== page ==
As buildings and homes are more connected, enterprise businesses face new physical and data security threats
Trend Micro announced new research revealing that internet of things automation platforms in smart buildings are presenting attackers with new opportunities for both physical and data compromise.
The findings have serious implications for organizations operating inside smart buildings, including spying on users, unlocking doors and stealing data, the company said.
The new report warns that automation platforms are increasingly being used to chain multiple devices together to create user-friendly smart applications. This inadvertently creates new and unpredictable attack surfaces that can be hard to manage, Trend Micro said.
“IoT devices, their uses and the environments in which they are used have all gotten more complex very quickly, but security is still not built into these devices,” said Greg Young, vice president of cybersecurity for Trend Micro. “Today, personal and corporate data may cross many routers, an IoT control, various IoT protocols and more all within a day’s work. This creates an ideal situation for criminals – why attack a robust enterprise when the remote worker’s smart home is exceptionally vulnerable.”
Researchers found the biggest issue with automation rules is that they become increasingly complex as more devices and actions are added. They are prone to logic errors, and it becomes more challenging to manage, track, and debug actions, especially if there are functional overlaps between rules, Trend Micro said.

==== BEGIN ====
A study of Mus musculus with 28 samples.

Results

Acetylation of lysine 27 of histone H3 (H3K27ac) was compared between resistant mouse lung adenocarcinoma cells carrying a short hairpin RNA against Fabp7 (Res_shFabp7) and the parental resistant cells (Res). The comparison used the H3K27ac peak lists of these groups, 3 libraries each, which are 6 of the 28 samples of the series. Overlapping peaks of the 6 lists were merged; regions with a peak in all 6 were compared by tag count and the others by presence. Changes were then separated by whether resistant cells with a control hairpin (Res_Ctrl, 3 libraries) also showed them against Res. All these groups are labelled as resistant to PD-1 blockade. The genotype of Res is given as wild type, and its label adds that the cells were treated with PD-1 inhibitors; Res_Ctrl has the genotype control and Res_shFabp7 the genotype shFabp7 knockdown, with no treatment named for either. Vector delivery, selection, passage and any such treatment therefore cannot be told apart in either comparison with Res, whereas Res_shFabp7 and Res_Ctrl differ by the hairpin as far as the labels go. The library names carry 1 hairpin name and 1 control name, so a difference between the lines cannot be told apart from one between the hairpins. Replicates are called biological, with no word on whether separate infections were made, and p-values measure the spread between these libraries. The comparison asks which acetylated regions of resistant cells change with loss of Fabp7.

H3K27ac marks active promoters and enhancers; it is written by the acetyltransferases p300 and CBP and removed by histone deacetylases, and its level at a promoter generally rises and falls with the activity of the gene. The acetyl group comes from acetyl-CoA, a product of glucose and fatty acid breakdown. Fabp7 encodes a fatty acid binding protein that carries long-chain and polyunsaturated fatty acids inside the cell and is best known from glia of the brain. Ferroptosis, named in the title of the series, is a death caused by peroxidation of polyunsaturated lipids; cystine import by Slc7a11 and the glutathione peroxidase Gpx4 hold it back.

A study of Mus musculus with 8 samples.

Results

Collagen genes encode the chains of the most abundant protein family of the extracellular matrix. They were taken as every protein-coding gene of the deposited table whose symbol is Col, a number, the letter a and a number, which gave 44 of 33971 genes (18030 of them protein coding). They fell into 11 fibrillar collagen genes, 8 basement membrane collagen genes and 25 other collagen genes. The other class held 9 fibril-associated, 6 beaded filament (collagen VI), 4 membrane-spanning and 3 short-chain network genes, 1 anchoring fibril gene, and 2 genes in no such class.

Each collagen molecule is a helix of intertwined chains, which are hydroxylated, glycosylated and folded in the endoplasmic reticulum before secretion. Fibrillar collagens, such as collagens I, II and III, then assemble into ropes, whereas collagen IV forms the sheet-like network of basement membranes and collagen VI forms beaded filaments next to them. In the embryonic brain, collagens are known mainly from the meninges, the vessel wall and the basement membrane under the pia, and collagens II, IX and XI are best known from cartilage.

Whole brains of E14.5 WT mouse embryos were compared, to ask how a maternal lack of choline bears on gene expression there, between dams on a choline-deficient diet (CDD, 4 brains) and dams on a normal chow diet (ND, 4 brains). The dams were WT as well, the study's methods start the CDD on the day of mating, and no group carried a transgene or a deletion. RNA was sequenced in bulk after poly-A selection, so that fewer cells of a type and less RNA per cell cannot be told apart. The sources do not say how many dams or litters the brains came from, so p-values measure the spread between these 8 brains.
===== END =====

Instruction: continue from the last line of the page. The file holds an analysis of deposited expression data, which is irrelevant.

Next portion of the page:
The research reveals a variety of new threats specific to complex IoT environments, including: cloning a user’s voice to issue commands via a voice assistant speaker; adding a phantom device to fool presence detection checks in smart locks to keep doors unlocked; inserting logic bugs to switch off smart alarms and more.
The research also warns that many IoT automation servers are exposed on the public internet, including 6,200 home assistant servers found via a simple Shodan search. Attackers could exploit this security oversight to break into smart buildings, or reprogram automation rules, steal hardcoded sensitive data including router log-ins, add new devices, infect devices with malware, and conscript devices into botnets.
Trend Micro recommends a list of precautionary measures to help mitigate the new threats presented by complex IoT environments, including enabling password protection; changing default settings; not jailbreaking devices or installing applications from unverified third-party marketplaces; updating device firmware; enabling encryption in both disk storage and communication platforms; and making regular backups of the configuration and automation rule files of your IoT automation server.